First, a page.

After a long weekend, Wall Street returned with a sombre mood as the earnings outlook from companies including Johnson & Johnson and Verizon failed to justify current valuations.
Shares of Johnson & Johnson dropped, last 2 per cent weaker, after its earnings outlook fell short of expectations.
The outlook reflects "some level of conservatism-in line with historical guidance-given still seemingly weak though potentially stabilising MedTech utilisation trends," Danielle Antalffy, an analyst at Boston-based Leerink Partners, said in a note today, Bloomberg News reported.
In afternoon trading in New York, the Dow Jones Industrial Average fell 0.43 per cent and the Standard & Poor's 500 Index was up 0.08 per cent. The Nasdaq Composite Index advanced 0.43 per cent. US markets were closed on Monday for the Martin Luther King holiday.
Slides in shares of Verizon Communications, last down 2.7 per cent, and those of Goldman Sachs, last down 2.6 per cent, propelled the Dow lower.
"In the short term, continued earnings growth is particularly important," James Gaul, a portfolio manager at Boston Advisors, told Bloomberg News. "We are no longer cheap, perhaps not even fairly valued at this point. Investor sentiment is quite optimistic. We need some positive news to get us going."
Shares of Alcoa climbed, last up 7.2 per cent to US$12.18. JP Morgan upgraded the stock to an "overweight" from a neutral" rating and boosted its price target to US$15 from US$9 per share.
The International Monetary Fund lifted its estimate for global growth this year, predicting the economy will expand 3.7 per cent, up from an October estimate of 3.6 per cent, and accelerate to 3.9 per cent in 2015, according to its latest World Economic Outlook, released today.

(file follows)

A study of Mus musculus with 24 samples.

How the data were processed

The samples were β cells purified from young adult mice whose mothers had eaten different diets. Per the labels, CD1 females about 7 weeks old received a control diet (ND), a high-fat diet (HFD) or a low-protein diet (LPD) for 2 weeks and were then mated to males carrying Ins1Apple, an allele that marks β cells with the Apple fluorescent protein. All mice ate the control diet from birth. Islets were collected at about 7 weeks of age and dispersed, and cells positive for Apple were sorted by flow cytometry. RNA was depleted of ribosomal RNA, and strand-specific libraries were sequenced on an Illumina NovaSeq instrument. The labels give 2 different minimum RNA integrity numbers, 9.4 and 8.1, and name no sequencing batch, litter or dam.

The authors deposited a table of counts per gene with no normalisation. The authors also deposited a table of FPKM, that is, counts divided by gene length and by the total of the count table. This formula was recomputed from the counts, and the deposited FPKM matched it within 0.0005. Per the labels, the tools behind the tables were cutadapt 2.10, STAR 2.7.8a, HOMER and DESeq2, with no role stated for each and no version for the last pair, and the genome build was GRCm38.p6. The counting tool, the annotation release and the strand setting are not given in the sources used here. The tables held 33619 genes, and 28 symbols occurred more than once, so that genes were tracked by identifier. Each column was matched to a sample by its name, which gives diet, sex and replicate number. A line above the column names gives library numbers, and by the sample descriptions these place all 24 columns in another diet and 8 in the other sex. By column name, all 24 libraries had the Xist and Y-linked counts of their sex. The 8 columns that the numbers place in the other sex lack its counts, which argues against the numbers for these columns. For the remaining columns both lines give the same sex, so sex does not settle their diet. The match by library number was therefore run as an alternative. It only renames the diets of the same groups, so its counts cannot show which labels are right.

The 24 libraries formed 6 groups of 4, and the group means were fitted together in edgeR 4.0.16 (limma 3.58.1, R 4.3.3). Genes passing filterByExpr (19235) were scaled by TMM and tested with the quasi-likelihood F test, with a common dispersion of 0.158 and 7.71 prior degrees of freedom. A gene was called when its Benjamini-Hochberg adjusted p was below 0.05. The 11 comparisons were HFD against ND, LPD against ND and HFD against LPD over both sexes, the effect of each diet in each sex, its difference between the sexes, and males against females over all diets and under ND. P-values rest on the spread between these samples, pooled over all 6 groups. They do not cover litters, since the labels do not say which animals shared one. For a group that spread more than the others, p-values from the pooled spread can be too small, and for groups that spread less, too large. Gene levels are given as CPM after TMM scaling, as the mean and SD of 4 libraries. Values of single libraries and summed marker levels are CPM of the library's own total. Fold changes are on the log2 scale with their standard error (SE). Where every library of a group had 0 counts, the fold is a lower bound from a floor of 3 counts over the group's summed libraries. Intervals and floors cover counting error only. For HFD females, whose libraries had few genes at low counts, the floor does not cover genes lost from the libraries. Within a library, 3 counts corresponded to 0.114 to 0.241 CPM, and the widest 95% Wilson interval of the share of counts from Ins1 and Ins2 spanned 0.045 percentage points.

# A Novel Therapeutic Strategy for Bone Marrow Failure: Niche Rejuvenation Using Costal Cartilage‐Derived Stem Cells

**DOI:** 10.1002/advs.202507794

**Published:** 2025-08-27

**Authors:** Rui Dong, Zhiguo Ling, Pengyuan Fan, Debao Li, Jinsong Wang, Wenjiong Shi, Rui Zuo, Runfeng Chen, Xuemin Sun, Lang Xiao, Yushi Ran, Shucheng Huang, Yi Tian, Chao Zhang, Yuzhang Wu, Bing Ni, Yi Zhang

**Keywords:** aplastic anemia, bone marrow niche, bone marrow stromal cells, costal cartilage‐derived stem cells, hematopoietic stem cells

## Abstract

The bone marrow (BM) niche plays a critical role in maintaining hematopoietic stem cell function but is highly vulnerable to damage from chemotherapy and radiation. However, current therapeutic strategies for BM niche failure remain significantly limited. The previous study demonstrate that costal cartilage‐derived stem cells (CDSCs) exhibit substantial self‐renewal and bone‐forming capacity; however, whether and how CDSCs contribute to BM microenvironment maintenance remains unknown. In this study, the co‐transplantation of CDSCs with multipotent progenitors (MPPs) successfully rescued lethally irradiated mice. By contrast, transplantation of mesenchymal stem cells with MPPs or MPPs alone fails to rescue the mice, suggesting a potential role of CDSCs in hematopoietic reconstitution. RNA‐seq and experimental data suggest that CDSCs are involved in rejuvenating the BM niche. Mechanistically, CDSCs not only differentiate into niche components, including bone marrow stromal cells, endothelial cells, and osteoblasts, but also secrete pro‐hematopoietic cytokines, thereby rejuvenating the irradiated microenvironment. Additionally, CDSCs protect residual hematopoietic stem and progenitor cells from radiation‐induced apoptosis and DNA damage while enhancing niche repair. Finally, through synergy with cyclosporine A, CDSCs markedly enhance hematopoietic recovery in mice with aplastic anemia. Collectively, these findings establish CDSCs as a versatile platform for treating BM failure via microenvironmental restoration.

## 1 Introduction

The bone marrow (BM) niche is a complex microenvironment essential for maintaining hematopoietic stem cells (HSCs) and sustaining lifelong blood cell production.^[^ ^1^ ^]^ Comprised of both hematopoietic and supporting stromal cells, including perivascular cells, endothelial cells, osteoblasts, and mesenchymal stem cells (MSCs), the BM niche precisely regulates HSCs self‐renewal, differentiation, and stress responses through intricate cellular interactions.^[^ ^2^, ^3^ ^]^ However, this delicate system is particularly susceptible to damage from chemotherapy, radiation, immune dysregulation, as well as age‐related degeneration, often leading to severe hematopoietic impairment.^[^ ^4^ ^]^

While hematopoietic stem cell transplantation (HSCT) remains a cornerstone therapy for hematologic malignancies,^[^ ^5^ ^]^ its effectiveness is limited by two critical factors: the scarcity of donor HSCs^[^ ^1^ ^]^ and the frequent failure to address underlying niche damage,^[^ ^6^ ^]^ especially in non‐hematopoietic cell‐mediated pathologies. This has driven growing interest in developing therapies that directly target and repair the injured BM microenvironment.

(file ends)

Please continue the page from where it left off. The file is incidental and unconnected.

Even so, the IMF also warns central banks including the US Federal Reserve against "prematurely withdrawing monetary policy accommodation."
"Strengthening global growth does not mean that the global economy is out of the woods," the IMF said in a statement. "Output gaps are still large while inflation is low, and that fiscal consolidation will continue. The WEO Update warns of underestimating the need for stronger growth, as more balance sheet repair after the crisis is still required."
Separately, the annual PricewaterhouseCoopers survey of more than 1,300 CEOs showed 39 per cent were "very confident" their company's revenues would grow in 2014, up from 36 per cent a year ago, according to Reuters. Some 44 per cent expect the global economy will improve in the next 12 months, compared with 18 per cent a year ago.
Europe's Stoxx 600 Index finished the session nearly 0.1 per cent higher than the previous close, as did France's CAC 40. Germany's DAX added 0.2 per cent. The UK's FTSE 100 inched less than 0.1 per cent lower.
In Germany, investor confidence took a surprise tumble in January. The ZEW Center for European Economic Research said its index of investor and analyst expectations slid to 61.7 this month, down from 62 in December.
However, the IMF is more optimistic about the euro zone's outlook in its World Economic Outlook, predicting growth will strengthen to 1 per cent in 2014 and 1.4 per cent in 2015.
"The euro area is turning the corner from recession to recovery," the IMF said in a statement.